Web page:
Carmen Papalia

Mobility Device

September 11 & 12, 2019
Free—no RSVP required. Rain or shine!

Wednesday, September 11
6:30pm performance begins at 34th Street, traveling south/east
7pm performance begins at the Spur at 30th Street, traveling north/west
The second performance will end at the gate to the Western Rail Yard on the High Line at 30th Street between 12th and 11th Avenues.

Thursday, September 12
7pm performance begins at Gansevoort Street, on street level under the High Line, traveling north
7:30pm performance begins at 16th Street, traveling south
The second performance will end on street level under the High Line at the corner of Gansevoort and Washington Streets.

The performances will be introduced by Carmen Papalia and followed by a Q&A with the artist and performers.

CART captions: https://www.streamtext.net/text.aspx?event=Highline

Carmen Papalia is an artist and disability activist who uses organizing strategies and improvisation to navigate his access to public space, art institutions, and visual culture. His socially-engaged practice expresses his resistance of support options that promote ablest concepts of normalcy, like white canes and other impairment-specific accommodations that only temporarily bridge barriers to participation in an otherwise inaccessible, policy-based system. Papalia designs experiences that invite participants to expand their perceptual mobility and to claim access to public and institutional spaces.

For the High Line, Papalia presents Mobility Device, an innovative, collaborative performance in which he is accompanied by a marching band that plays a site-reactive score as guidance for navigating his surroundings. The work transforms the white cane—a symbol of someone with visual impairment—into a collective, sonic experience that opens up ways of thinking about care, collaboration, and a normative hierarchy of the senses. Papalia will bring Mobility Device to the High Line with the Hungry March Band, an 18-person ensemble founded in 1997 for the Mermaid Parade. With this work, he urges visitors to experience public spaces through the non-visual world.

Accessibility
We encourage all persons with disabilities to attend. To request additional information regarding accessibility or accommodations at a program, please contact art@thehighline.org or (646) 774-2536. Program venues are accessible via wheelchair. The High Line is accessible via a ramp at 34th Street, and via elevators at 30th Street, 23rd Street, 14th Street, and Gansevoort Street in addition to stairs at the Spur, 16th Street, and Gansevoort Street. The second September 11 performance will end after sunset when the ramp off the High Line at 34th Street will be closed. The closest wheelchair-accessible exits are the ramp to Hudson Yards and the 30th Street elevator.

ASL interpretation, remote CART captioning services, and audio descriptions (via headset) are available for the performances. Those who are interested in using CART or audio description services, which will be coordinated by a High Line staff member on-site, are encouraged to arrive 10-15 minutes in advance. The link for CART captions is listed at the top of this page, and will go live 15 minutes before the performance begins.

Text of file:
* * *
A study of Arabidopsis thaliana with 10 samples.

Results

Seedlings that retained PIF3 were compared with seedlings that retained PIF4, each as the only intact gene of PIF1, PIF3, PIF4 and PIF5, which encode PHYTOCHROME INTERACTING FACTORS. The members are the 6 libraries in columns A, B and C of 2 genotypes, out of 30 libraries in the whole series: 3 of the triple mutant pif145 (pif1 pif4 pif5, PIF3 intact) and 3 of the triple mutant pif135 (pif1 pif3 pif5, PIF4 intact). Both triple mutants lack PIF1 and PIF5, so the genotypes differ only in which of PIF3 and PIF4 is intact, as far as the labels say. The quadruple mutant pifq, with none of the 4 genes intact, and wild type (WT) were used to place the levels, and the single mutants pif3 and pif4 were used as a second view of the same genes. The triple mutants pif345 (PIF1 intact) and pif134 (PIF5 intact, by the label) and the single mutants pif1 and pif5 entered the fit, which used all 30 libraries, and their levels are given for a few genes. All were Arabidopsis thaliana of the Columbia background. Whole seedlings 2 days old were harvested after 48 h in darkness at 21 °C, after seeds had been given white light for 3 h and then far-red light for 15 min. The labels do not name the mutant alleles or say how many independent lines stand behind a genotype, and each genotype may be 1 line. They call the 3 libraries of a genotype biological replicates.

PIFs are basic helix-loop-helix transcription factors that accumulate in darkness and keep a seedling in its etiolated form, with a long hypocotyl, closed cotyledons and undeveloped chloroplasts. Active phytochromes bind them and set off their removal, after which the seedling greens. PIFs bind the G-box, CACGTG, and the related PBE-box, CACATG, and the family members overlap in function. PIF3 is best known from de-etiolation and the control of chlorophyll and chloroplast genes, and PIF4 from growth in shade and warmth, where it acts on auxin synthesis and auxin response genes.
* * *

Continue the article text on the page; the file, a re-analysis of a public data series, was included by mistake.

Visitors are encouraged to follow behind the marching band during the performance, or they may choose to experience the performance as it passes them. The performance will move between areas that offer wider vantage points and those that are more narrow as the performance continues.
On Wednesday, the performance will pause and turn around at the Spur, which is a wide plaza area with seating, accessible from the elevator at 30th Street.
On Thursday, the band will pause and turn around at 17th Street/the 10th Avenue overlook, which has seating and ramp access. However, as the band and Carmen will be going up and down the ramp, we suggest experiencing the performance from the viewing deck above.

Artist bio

Carmen Papalia (b. 1981, Vancouver, Canada, unceded Coast Salish territory) lives and works in Vancouver. Papalia’s projects have been presented at institutions including Tate Liverpool, London, England (2017); The 8th Floor, New York, New York (2016); Harvard Art Museums, Cambridge, Massachusetts (2016); and The Solomon R. Guggenheim Museum, New York, New York (2014). Papalia is the recipient of the Adam Reynolds Memorial Bursary from Shape Arts, London, England (2014) and the Wynn Newhouse Award (2013).


Support

Lead support for High Line Art comes from Amanda and Don Mullen. Major support for High Line Art is provided by Shelley Fox Aarons and Philip E. Aarons, The Brown Foundation, Inc. of Houston, and Charina Endowment Fund. High Line Art is supported, in part, with public funds from the New York State Council on the Arts with the support of Governor Andrew Cuomo and the New York State Legislature, and from the New York City Department of Cultural Affairs in partnership with the New York City Council, under the leadership of Speaker Corey Johnson.